What Is a Syndemic?

You may have heard the term syndemic used during the COVID-19 pandemic. Here's what it means.

The spread of COVID-19 has given us no shortage of public health lingo to work into our daily vocabulary. You probably have at least some understanding of what pandemic, endemic, and epidemic mean. Now there's a new word to know: syndemic.

what is a syndemic

If you haven't heard this term before, you're not out of the loop. A syndemic is "more of a term of art" vs. something that public health experts use regularly, said infectious disease expert Amesh A. Adalja, MD, senior scholar at the Johns Hopkins Center for Health Security.

Still, there is an official definition out there. The Centers for Disease Control and Prevention (CDC) defines syndemics simply as "synergistically interacting epidemics," meaning they are what happens when two epidemics—higher-than-normal levels of an illness in a community—occur at the same time.

It's a term that was used to describe what happened in Maine in April 2021. The state saw an increase in COVID-19 cases while residents were being vaccinated against the virus. The Maine Center for Disease Control and Prevention Director Nirav Shah, MD, used the term in a press briefing to describe what the state was experiencing. Dr. Shah described a syndemic as "two parallel occurring epidemics that are unfolding in the same real-time together that may or may not have interconnections with one another."

Maine had reports of 30 cases of alpha, or B.1.1.7, the COVID-19 strain that was first discovered in the United Kingdom in September 2020, along with three cases of beta, or B.1.351, the variant first detected in South Africa in May 2020, and one case of gamma, or P.1, the variant first detected in Brazil in November 2020. In Dr. Shah's opinion, this sort of syndemic phenomenon coupled with variants that were more contagious than previous ones could have been what was causing the state's increasing case numbers.

Syndemic vs. Pandemic vs. Epidemic?

The premise behind a syndemic is that pandemics and epidemics wouldn't occur without the presence of certain social and health conditions in a community, according to a 2021 study published in ScienceDirect. A syndemic happens when multiple pandemics or epidemics are present simultaneously.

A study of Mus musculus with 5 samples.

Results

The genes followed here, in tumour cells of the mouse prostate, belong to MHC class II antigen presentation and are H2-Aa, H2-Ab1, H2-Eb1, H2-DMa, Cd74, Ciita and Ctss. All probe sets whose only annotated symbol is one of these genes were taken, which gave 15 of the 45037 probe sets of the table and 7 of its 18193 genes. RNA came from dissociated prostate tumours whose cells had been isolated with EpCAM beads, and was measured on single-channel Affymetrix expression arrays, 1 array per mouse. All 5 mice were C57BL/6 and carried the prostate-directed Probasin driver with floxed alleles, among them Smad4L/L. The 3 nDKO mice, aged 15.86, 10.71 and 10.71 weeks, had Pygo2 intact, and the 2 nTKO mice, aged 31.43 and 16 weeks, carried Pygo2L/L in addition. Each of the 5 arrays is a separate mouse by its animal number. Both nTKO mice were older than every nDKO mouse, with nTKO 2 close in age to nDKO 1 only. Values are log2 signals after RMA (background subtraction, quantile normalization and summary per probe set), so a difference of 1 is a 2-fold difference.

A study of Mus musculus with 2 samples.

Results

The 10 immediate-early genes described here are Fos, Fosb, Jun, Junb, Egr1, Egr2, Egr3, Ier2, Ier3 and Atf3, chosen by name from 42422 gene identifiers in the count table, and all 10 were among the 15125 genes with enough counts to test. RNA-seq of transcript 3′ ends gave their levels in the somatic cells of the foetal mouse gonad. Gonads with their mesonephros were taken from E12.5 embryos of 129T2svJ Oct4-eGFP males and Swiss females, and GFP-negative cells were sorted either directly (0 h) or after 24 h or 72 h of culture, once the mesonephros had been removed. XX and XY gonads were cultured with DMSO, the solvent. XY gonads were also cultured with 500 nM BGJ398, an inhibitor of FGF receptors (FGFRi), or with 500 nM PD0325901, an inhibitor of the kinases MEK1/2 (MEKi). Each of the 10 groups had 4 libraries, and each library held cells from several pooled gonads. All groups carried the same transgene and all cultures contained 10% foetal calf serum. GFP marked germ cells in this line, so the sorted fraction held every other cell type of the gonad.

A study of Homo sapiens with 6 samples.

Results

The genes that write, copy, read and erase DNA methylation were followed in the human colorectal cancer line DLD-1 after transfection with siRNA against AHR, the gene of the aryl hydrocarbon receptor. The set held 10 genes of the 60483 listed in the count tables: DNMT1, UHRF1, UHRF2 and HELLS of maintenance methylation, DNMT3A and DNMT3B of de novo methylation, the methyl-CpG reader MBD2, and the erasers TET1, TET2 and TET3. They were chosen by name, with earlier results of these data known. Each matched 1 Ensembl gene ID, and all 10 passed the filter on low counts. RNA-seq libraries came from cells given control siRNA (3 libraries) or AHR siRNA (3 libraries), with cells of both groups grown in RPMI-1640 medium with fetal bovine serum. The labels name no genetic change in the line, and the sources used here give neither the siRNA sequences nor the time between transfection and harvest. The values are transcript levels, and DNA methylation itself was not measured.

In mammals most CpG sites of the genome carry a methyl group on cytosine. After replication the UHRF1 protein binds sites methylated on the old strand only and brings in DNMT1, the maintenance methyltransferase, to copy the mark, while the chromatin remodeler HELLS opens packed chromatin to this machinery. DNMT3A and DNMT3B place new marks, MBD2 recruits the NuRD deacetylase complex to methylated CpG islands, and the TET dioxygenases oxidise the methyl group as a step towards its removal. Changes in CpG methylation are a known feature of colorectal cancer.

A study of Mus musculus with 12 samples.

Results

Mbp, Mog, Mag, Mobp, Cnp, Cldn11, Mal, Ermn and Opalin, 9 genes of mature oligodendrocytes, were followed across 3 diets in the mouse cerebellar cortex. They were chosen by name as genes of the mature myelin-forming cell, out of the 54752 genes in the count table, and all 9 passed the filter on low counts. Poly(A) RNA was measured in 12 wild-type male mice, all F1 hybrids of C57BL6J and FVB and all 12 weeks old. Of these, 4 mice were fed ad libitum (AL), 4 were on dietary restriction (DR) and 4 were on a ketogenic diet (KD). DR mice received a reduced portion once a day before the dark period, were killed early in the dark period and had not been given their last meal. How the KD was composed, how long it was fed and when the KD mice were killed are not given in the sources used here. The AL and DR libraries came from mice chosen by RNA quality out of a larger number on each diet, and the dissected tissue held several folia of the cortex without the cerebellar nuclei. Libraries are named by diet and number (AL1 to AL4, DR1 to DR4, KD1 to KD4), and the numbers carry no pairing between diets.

To keep the terms in order, here are a few CDC definitions:

  • Comorbidity means that there is more than one disease or condition present in the same person at the same time.
  • An epidemic happens when there is a higher level of illness or health condition than is expected in a community or region.
  • A pandemic is an epidemic that happens worldwide or over a very wide area and usually impacts a large number of people.
  • An endemic happens when a condition is continuously present in a location or population.

There can be some overlap here, said Dr. Adalja. "You could say that diabetes and COVID-19, or obesity and COVID-19 are syndemics," explained Dr. Adalja, since obesity is considered an epidemic or pandemic and, of course, COVID-19 is a pandemic. "But they can also be comorbidities," added Dr. Adalja, meaning they can occur at the same time in the same person.

It's important to keep in mind that a syndemic does not have to be limited to only diseases and medical conditions.

One example of a pre-COVID-19 syndemic in medical literature was published in 2019 in The Lancet. The commission report looked at something called "The Global Syndemic," which researchers explained as three pandemics—obesity, undernutrition or malnutrition, and climate change—that affect people worldwide. According to the report's authors, these three issues "constitute a syndemic, or synergy of epidemics, because they co-occur in time and place, interact with each other to produce complex sequelae, and share common underlying societal drivers." Sequelae are what medical professionals refer to as conditions that occur as a result of a previous disease or injury.

"The Global Syndemic" was brought on by two diseases or health conditions—obesity and undernutrition—as well as environmental and social factors (climate change). And there can also be a syndemic of pandemics or epidemics, like the flu and COVID-19. "It's just two parallel disease processes," said Dr. Adalja.

The information in this story is accurate as of press time. However, as the situation surrounding COVID-19 continues to evolve, it's possible that some data have changed since publication. While Health is trying to keep our stories as up-to-date as possible, we also encourage readers to stay informed on news and recommendations for their own communities by using the CDC, WHO, and their local public health department as resources.